Sunday, September 9, 2007

Patterns and an Intelligent Web

In contemplating the usage of patterns for sustainable development and planning as tools to be accessed collaboratively through the web, I began to contemplate the usage of patterns with their structure of title, problem, context and so on as a way to enable intelligent computing.

There has been so much talk about the semantic web as a step in this direction and from the very little I understand I see RDF, or resource description framework as being an idea that could enable this vision. However, patterns themselves possess an inherent structure that could lend them to being extremely useful to furthering this vision.

For instance, the notion of defining a generic problem within a specific pattern provides an interesting set of options. These problem descriptions possess key words that could be searched. Also, the problems could be broken up to possess their own URI along with a subject and predicate that could also make use of the RDF technology.

Why is this important? Well, in thinking of using patterns to support through the web planning and design, it is conceivable to think that many different patterns that span across domains of knowledge could be queried to support a more holistic design solution.

The Liberating Voices! project has so many great "nuggets of knowledge" yet there are elements that are missing with regards to the lower-level patterns. Most of what is in the current project are fairly high-level. This is not to say that they are so high-level that their usefulness is abstracted away from the casual observer, but my point is there is a lot of information left out. The other issue with the project is that the lower-level patterns that address more specific elements for designing communicative solutions to entrenched problems don’t pertain to ever

Now on the other hand, there are many other projects taking place that could be useful to help fill in the gaps. So, the question is how can we harness the possibilities offered through these different projects. Perhaps we can begin thinking of these projects as being meta-patterns themselves representing the highest level in our design. But again, how do we make these connections through the web where these various projects are not all structured the same way, nor connected together?

Currently, Liberating Voices! has this way of getting at these patterns through an xml dump. In this way we can query the patterns in the database based upon a set of parameters and retrieve patterns relevant to the parameters we provide. Now, this provides an important level of flexibility for those interested in using the Liberating Voices! patterns, but what if someone part of planning committee has need of a pattern that isn’t there?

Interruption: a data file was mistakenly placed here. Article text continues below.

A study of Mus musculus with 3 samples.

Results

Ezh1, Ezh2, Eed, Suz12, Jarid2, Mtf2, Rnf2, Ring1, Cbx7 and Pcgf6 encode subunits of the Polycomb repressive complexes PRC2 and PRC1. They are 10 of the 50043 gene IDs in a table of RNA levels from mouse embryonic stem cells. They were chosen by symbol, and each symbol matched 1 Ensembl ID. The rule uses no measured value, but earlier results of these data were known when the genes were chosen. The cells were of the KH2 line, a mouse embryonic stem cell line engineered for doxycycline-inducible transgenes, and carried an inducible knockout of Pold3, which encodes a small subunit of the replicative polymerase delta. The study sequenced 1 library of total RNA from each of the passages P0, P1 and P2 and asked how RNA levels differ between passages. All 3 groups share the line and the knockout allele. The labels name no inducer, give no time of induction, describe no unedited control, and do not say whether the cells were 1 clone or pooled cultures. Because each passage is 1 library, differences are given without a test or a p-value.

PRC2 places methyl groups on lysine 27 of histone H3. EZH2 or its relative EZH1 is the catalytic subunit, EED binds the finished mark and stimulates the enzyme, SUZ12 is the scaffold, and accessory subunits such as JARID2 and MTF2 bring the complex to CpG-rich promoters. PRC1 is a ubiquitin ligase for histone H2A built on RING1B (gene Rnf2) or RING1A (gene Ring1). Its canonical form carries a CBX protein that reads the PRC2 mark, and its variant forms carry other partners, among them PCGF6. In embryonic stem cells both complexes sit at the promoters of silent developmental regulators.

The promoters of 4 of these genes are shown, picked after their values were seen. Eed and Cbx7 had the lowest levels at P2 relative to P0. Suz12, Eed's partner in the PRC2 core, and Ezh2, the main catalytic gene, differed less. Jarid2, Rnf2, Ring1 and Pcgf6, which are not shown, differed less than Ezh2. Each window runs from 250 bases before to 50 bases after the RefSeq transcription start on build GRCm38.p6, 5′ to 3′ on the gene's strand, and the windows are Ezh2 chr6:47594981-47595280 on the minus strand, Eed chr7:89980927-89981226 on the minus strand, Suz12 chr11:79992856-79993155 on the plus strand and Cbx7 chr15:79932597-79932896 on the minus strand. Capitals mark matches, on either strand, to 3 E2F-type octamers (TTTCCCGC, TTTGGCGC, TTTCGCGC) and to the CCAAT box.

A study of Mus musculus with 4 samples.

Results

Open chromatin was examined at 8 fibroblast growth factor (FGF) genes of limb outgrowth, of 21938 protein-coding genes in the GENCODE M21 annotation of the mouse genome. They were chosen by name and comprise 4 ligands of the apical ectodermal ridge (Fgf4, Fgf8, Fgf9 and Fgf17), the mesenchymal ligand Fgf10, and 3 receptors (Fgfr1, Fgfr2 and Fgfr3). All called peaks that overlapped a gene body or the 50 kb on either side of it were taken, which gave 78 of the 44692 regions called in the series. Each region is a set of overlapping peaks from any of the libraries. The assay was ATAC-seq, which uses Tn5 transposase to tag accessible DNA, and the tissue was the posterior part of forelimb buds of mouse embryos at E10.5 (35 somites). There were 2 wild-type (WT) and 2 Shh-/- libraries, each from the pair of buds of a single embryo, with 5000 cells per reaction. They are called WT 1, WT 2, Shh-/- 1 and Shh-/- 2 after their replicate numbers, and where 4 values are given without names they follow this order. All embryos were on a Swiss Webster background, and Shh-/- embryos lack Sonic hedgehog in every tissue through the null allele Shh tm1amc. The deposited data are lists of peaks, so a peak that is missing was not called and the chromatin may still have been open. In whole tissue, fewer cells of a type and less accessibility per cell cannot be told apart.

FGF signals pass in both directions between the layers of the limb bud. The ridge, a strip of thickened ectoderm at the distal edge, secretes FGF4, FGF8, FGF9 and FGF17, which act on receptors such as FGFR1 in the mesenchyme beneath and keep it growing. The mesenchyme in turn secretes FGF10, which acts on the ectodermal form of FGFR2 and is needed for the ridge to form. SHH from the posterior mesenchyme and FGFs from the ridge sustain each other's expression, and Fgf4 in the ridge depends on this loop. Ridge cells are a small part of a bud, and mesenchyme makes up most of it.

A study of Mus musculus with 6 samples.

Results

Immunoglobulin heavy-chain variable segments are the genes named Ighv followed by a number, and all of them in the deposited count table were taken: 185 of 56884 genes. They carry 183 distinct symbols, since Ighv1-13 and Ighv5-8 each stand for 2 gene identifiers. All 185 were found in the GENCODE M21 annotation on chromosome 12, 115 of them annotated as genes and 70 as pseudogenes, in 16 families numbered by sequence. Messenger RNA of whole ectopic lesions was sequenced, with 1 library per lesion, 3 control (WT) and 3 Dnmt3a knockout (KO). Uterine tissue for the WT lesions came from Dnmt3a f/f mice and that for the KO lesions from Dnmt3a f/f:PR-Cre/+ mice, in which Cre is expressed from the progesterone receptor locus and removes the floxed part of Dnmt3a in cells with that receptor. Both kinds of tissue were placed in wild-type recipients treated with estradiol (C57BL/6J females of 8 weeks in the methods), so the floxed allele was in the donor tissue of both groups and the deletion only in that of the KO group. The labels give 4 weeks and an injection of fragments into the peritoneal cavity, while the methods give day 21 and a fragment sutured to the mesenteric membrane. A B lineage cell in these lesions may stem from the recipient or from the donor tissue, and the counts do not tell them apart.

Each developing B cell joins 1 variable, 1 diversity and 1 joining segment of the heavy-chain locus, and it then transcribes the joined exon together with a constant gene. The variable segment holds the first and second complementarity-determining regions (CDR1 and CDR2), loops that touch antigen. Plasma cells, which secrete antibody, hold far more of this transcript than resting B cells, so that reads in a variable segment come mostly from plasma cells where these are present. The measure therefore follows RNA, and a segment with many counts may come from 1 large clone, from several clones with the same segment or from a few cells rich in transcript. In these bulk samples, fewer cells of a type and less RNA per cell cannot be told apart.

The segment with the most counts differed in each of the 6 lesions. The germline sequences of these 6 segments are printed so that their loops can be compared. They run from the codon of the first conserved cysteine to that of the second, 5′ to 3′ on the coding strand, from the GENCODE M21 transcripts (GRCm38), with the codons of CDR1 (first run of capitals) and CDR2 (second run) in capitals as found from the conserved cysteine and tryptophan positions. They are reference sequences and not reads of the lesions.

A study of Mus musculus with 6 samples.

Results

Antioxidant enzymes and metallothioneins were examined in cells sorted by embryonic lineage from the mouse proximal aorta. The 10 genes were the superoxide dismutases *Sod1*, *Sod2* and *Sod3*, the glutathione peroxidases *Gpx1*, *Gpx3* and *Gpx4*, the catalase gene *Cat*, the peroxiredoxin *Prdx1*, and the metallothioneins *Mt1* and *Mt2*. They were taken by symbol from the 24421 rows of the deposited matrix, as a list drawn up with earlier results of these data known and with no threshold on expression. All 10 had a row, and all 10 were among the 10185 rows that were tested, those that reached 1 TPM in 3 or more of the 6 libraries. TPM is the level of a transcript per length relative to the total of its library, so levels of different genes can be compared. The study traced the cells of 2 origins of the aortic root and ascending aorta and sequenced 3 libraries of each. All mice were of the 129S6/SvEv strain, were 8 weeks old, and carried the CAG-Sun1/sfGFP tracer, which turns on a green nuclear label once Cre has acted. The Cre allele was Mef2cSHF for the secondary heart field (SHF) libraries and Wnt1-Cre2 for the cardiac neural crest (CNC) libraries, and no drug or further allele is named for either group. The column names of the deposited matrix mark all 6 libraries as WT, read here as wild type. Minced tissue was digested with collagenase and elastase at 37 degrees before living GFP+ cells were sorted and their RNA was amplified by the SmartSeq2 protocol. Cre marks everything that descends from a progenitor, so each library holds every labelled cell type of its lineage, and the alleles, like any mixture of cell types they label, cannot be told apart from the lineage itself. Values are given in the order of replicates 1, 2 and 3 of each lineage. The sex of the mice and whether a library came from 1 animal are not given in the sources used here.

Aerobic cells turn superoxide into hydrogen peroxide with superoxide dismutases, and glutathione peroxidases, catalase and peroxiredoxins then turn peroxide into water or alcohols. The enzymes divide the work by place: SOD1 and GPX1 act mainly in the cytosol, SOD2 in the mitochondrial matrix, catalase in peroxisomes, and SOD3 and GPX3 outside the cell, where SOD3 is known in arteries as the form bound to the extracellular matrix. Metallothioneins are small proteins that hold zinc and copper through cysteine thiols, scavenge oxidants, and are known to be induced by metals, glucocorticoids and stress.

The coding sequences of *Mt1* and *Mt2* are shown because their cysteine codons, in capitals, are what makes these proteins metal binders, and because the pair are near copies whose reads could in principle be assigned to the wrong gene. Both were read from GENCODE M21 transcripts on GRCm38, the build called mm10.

It is possible that the planning group is clever enough to construct a solution, but it is possible that another solution has been provided by another pattern language project. Also, the pattern may provide a solution, but similar to the Liberating Voices! project, this pattern may also highlight some potential pitfalls and situations that could make the solution problematic. As a result, the planning group could miss out on this warning as well as the opportunity to identify other patterns that might be critical to mitigating these potential shortcomings.

I think it would be incredible to have these various groups get together to discuss greater levels of collaboration. I understand there are possibly conflicting interests, but if people could begin supporting open structures it is possible that the adoption of patterns as heuristic tools for design, planning and so forth could not just increase in popularity, but be more effective in fulfilling the basic premise of holism.

This way we could be in effect querying all of these different pattern repositories in order to construct our more context specific pattern languages. This is also important because if these repositories are distributed and that way the knowledge represented in these differing repositories can be managed by those already heavily involved with these specific domains.

This brings us to the idea of pattern adaptation based upon further real-world experience. So, how might actual users be able to help refine and illuminate the possibilities and pitfalls of various patterns? How might users take their experiences and help strengthen current patterns? Likewise, how might these cases help inform future pattern implementations?

But these are questions for the next post.